Wednesday, 14 October 2015

Quenda quest: volunteers take stock of Perth's 'lovely' backyard marsupials

For a week each spring about 140 people record every animal they spot to help researchers understand the health of a population threatened by cats and foxes

Tuesday 6 October 2015 22.20 BSTLast modified on Tuesday 6 October 201522.21 BST

In backyards across the suburban fringe of Perth, people have been excitedly checking for cone-shaped divots in preparation for the annual spring quenda count, which is in its third year.

Quendas are a subspecies of the southern brown bandicoot, a small, ground-dwelling marsupial that has been hunted to critically low numbers by cats and foxes in south-eastern Australia.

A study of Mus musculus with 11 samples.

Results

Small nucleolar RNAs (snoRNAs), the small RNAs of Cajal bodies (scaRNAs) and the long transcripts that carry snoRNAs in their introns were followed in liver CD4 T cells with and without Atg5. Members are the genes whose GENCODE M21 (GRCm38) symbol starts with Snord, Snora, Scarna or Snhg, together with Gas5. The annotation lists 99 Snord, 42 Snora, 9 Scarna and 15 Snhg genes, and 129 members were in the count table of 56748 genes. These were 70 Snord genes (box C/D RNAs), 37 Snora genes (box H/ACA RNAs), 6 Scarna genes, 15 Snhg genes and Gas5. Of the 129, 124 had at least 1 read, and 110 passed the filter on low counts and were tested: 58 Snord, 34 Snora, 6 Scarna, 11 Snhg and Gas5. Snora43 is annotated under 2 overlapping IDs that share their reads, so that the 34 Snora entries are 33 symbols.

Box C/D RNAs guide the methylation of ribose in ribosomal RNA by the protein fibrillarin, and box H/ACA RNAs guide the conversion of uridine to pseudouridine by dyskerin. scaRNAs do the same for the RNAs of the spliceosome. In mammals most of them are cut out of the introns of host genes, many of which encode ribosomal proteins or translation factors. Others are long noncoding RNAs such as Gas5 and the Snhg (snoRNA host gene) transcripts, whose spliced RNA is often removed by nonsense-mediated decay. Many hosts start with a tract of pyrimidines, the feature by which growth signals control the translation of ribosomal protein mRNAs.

But in Western Australia, particularly in the “tree-change” suburbs that cling to the edge of the Darling Scarp on the eastern fringe of Perth, the quendas are holding their own. For a week each spring, about 140 people who regularly spot the animals make a record of every quenda they see on their properties, trying to distinguish between individuals.

That data, which is collated by WWF Australia, is then sent to the WA Department of Parks and Wildlife and is used to form a picture of the long-term sustainability of the population.

One of those counters is Christine Tapsell. She joined the first community quenda survey in 2012 – the precursor to the annual spring count – after stumbling across what looked like a large, rotund rat one night when locking her chickens away.